Jeremy Griffin enters the lobby of he Alba de Vida substance abuse treatment clinic holding an AR-15.
Courtesy of Buffalo Police
Jeremy Griffin enters the lobby of he Alba de Vida substance abuse treatment clinic holding an AR-15.

On Thursday morning, a man walked into the lobby of the Alba de Vida substance abuse treatment clinic in Buffalo, N.Y., holding an AR-15. He fired one round into the wall before an unnamed security guard forced the man against a wall, took him outside and then pinned him to the ground with the help of another security guard.

The incident was caught on surveillance footagerecently released by Buffalo police. The footage shows the man, 48-year-old Jeremy Griffin of Williamsville, N.Y., entering the clinic and brandishing the weapon before being confronted by a security guard.

Griffin then appeared to fire a shot. The security guard then ran toward him, pinning him against the wall. The two struggled before the guard was able to drag Griffin outside, while another security guard followed him.

Security footage from outside the clinic shows the two guards wrestling Griffin to the ground while two bystanders helped take the AR-15 from him.

Officers say at least two more rounds were fired during the struggle, but no one was injured.

The clinic is run by Promesa Inc., and affiliated with the human services nonprofit Acacia Network. It provides, among other things, medication-assisted treatment for people dealing with substance abuse.

"The Acacia Network commends the tremendous bravery of our employees, who immediately sprang into action and averted a possible tragedy. We are proud of the safety and security measures we have in place, including our dedicated security personnel," Gabriela González, assistant vice president of communications and development told NPR.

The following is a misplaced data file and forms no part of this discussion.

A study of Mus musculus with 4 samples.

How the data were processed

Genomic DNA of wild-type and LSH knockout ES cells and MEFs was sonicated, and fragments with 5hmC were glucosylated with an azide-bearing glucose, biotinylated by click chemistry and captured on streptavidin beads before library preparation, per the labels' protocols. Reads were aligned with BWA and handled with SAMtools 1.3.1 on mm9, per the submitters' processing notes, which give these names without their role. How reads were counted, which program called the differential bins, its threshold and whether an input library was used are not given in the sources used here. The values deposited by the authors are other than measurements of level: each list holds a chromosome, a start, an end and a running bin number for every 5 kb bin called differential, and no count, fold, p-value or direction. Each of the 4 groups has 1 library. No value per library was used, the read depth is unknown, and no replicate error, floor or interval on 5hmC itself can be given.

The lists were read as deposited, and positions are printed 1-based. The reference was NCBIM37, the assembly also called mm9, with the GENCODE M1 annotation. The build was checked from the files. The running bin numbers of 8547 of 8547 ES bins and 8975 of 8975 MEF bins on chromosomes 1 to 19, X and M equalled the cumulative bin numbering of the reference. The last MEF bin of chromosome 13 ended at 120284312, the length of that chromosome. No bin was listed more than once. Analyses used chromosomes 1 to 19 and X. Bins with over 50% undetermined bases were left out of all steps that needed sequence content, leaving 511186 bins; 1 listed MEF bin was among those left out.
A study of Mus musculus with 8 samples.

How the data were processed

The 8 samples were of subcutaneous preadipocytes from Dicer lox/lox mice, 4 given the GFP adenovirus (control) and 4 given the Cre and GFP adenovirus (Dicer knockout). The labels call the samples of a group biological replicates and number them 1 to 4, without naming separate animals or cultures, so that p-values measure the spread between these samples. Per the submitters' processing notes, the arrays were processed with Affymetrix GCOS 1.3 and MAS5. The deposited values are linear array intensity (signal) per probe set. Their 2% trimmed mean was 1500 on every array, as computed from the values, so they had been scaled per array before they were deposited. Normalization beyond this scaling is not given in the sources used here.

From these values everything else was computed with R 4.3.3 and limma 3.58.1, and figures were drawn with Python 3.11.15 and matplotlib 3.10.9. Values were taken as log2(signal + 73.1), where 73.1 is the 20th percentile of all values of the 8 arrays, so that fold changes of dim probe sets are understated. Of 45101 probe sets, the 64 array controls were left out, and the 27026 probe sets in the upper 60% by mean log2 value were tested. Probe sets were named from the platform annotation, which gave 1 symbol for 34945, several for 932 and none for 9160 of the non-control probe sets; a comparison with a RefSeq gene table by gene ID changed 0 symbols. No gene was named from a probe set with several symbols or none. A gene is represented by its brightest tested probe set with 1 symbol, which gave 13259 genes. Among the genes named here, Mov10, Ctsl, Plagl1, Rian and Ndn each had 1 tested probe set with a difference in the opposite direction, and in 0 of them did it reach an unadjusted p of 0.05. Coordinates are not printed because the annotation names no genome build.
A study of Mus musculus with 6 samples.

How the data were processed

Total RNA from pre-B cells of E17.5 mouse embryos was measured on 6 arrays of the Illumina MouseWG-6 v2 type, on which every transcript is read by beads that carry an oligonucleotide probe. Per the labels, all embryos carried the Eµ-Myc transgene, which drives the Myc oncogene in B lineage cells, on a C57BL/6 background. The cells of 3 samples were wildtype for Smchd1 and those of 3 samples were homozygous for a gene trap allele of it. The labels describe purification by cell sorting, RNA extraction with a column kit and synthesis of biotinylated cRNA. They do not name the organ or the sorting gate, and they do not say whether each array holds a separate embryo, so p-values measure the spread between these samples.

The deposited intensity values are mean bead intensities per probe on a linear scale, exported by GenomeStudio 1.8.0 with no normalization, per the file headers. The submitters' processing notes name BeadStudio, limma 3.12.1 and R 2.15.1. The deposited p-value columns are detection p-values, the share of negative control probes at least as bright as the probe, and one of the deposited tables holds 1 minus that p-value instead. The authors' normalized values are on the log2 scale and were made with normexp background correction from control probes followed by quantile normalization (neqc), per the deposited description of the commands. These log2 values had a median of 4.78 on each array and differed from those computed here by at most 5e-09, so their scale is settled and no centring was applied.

Griffin has been charged with a number of felonies, including attempted murder. Officers say he stopped at a home on Pennsylvania Street and shot a woman in the leg before going to the clinic. The woman was taken to Erie County Medical Center for non-life-threatening injuries.

"[Both shootings] were an attempted robbery seeking what we believe to be drugs," Buffalo Police Commissioner Joseph Gramaglia said in a press conference. "There was, at this point, no other motive other than an attempted robbery."

Buffalo Police are working with the Bureau of Alcohol, Tobacco, Firearms and Explosives to determine where the AR-15 came from. Officers say the magazine was loaded with more than ten rounds of ammunition which is illegal in New York. The New York SAFE Act prohibits possession of a magazine that has the capacity to hold more than ten (10) rounds of ammunition regardless of when it was manufactured or when it was obtained. Investigators don't believe the attack was planned.

Matt Adams is an Audience Engagement Strategist at NPR, where he is always thinking of how a broadcast company can do more on the internet. His focus is on social media strategy and how to connect NPR with new audiences in creative ways, from community building to social audio.